Twelve years ago I did a summer internship at IBM in RTP. I was an undergrad at Duke and excited about the opportunity to work for a large technology company writing Java code . My role was to build example apps for what would eventually become WebSphere. At the time, my department was writing components and infrastructure objects for a big beta client: the State of Connecticut.
IBM was a study in contrasts. Every morning when I came in and every day when I left I had to log in to a mainframe app on a green screen to record my time. That’s right, I used a mainframe app as a time keeping system while building web-based apps in Java. At the end of each payroll period I’d log in to the same green screen app and double check my hours. I had never used a green screen app before and have never used one since.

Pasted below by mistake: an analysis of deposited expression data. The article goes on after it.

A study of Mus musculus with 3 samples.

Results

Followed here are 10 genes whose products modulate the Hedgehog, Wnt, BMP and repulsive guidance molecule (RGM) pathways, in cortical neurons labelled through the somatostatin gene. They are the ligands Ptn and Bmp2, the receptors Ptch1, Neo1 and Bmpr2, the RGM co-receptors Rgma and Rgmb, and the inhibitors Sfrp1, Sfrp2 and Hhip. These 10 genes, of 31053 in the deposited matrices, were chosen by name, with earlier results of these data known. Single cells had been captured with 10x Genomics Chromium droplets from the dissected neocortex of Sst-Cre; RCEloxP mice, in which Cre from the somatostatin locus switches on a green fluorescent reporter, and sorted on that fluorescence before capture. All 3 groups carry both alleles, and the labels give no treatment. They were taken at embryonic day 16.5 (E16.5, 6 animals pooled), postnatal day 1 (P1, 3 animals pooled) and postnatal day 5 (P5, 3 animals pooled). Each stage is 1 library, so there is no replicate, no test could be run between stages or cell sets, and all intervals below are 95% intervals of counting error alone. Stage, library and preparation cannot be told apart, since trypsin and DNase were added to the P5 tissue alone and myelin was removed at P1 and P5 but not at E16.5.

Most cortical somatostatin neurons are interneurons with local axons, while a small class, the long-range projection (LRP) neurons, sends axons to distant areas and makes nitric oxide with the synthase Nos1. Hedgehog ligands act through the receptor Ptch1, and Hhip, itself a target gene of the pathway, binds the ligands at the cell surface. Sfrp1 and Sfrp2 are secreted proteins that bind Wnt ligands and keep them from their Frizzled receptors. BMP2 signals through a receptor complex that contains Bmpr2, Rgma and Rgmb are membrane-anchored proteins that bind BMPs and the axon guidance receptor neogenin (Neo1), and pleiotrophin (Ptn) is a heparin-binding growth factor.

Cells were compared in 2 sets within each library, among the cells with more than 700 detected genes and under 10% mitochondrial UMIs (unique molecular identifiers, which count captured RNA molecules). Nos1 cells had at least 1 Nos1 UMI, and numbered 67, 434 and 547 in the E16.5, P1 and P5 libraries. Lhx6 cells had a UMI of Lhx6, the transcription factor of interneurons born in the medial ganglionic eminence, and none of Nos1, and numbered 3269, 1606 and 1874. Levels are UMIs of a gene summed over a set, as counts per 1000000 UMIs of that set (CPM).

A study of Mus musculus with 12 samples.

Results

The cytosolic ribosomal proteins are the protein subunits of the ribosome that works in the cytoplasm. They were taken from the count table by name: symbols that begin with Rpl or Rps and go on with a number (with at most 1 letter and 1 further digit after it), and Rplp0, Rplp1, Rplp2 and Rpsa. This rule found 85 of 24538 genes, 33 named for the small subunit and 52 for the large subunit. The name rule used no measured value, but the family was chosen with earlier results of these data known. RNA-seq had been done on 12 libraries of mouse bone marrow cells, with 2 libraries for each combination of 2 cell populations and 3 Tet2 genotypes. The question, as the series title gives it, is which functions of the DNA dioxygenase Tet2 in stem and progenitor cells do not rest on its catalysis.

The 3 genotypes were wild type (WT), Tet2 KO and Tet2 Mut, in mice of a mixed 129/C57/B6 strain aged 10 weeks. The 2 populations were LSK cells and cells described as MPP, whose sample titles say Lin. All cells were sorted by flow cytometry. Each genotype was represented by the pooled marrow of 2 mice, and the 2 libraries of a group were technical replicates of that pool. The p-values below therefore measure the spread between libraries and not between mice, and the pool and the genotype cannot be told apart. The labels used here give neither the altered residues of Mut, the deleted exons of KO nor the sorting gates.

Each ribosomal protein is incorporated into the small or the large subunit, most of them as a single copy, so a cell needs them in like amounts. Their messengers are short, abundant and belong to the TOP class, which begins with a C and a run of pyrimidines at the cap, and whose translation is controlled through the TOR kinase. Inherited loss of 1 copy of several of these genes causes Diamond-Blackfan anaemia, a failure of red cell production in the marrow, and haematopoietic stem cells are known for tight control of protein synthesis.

One of the initiatives IBM had that summer was asking employees for ideas and ways to innovate. Funny enough, I’m never short on ideas so I submitted what I thought to be an obvious idea: enhance printer drivers to prompt users to not include the last page of the print out if it came from the web and had less than 5% ink coverage. The annoyance that I had encountered many times was printing a web page and having the last page be the copyright date or footer links — something of no value that wasted a piece of paper.
I typed up several pages of examples and rationale around the idea. After submitting the idea I didn’t think anything of it until a month letter I received a letter thanking me for the idea and letting me know it was rejected due to not being useful. Oh well, I tried. The consolation prize was a lanyard to hold my serial number badge. My days of innovating at IBM were over.
Interestingly, I read about a company in Portland last year that was generating millions of dollars a year in revenue by saving companies money on paper by doing the very thing I’d proposed at IBM. This is a small example that shows many ideas are too small for big companies, but big enough to be a small company.